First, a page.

New Genetic Advances in Breast Cancer Diagnosis
Study Could Pave the Way for Personalized Diagnosis and Treatment of Breast Cancer
Genes Hold Key to Breast Cancer Diagnosis continued...
There are also other much rarer mutations seen in the new study. “If you look at these mutations, you see there are 'drugable' targets and there will be opportunities with currently approved drugs,” he says.
Now Ellis and colleagues plan to validate the findings and move toward trials. “The current paradigm of looking for a one-size-fits-all drug will never work,” he says. Treatment must start with a very precise genetic diagnosis. “Every patient will be diagnosed this way in 10 years, possibly sooner,” he says.
The Future of Breast Cancer Diagnosis
Stephanie Bernik, MD, the chief of surgical oncology at Lenox Hill Hospital in New York City, says that she hopes this type of personalized diagnosis and treatment is not too far off.
“We know it is not just one change that causes cancer, but changes on many different levels,” she says.
“What works for most doesn’t work for all and the new study helps move us closer toward the goal of personalizing breast cancer treatment,” she says.
There is no doubt that this is the wave of the future when it comes to breast cancer diagnosis and treatment, says Marisa Weiss, MD, president and founder of Breastcancer.org and the director of Breast Radiation Oncology. Weiss is also the director of Breast Health Outreach at Lankenau Hospital in Wynnewood, Pa.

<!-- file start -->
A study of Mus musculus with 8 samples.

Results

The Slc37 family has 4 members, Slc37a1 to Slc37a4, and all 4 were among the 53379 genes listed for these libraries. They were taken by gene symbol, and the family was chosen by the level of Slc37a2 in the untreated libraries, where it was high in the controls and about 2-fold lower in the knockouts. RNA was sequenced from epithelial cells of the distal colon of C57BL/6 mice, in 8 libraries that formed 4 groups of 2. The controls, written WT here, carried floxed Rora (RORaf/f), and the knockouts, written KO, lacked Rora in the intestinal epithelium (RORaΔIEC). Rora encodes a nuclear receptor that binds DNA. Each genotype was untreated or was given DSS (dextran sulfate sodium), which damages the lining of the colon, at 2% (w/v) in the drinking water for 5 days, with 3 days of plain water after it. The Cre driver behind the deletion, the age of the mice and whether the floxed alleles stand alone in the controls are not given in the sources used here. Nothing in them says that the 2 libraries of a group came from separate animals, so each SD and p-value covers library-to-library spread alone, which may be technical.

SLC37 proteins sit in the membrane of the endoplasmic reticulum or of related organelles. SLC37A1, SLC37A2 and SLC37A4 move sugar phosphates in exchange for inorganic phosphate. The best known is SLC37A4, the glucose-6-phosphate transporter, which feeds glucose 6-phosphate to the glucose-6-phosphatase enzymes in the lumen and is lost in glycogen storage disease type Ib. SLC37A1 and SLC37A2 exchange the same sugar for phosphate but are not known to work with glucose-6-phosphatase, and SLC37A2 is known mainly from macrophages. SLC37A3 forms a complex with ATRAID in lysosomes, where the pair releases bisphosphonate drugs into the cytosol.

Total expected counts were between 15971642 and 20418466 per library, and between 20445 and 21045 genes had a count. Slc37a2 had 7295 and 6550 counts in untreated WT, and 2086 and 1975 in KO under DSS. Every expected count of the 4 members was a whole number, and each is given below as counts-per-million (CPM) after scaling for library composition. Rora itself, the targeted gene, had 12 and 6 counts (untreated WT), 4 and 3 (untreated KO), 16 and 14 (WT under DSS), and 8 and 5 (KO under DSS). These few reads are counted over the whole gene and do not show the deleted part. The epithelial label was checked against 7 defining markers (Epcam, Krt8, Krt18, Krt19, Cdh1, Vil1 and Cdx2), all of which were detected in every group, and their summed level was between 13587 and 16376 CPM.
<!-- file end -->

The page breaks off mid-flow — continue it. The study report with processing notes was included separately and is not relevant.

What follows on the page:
“There is no one-size-fits-all treatment plan,” she says. “We need a treatment plan based specifically on the unique nature of the disease.”
Better pairing of treatments to tumors will also reduce the risk of side effects because treatments can spare healthy cells and instead focus only on cancer-causing cells, Weiss says.
“This study is exciting because it gives us a deeper FBI-style report on breast cancer and specifically hormone receptive positive breast cancer,” she says.
“Breast cancer is made up of many different cells and many genetic variants,” she says. “If all cells were identical, we would have cured this disease already.”
The new report “gets us one meaningful, but small step closer to decoding breast cancer,” she says. “We are finding out which genes are the culprits and the next step is to find the therapies that knock them out or get them to retain to normal function.”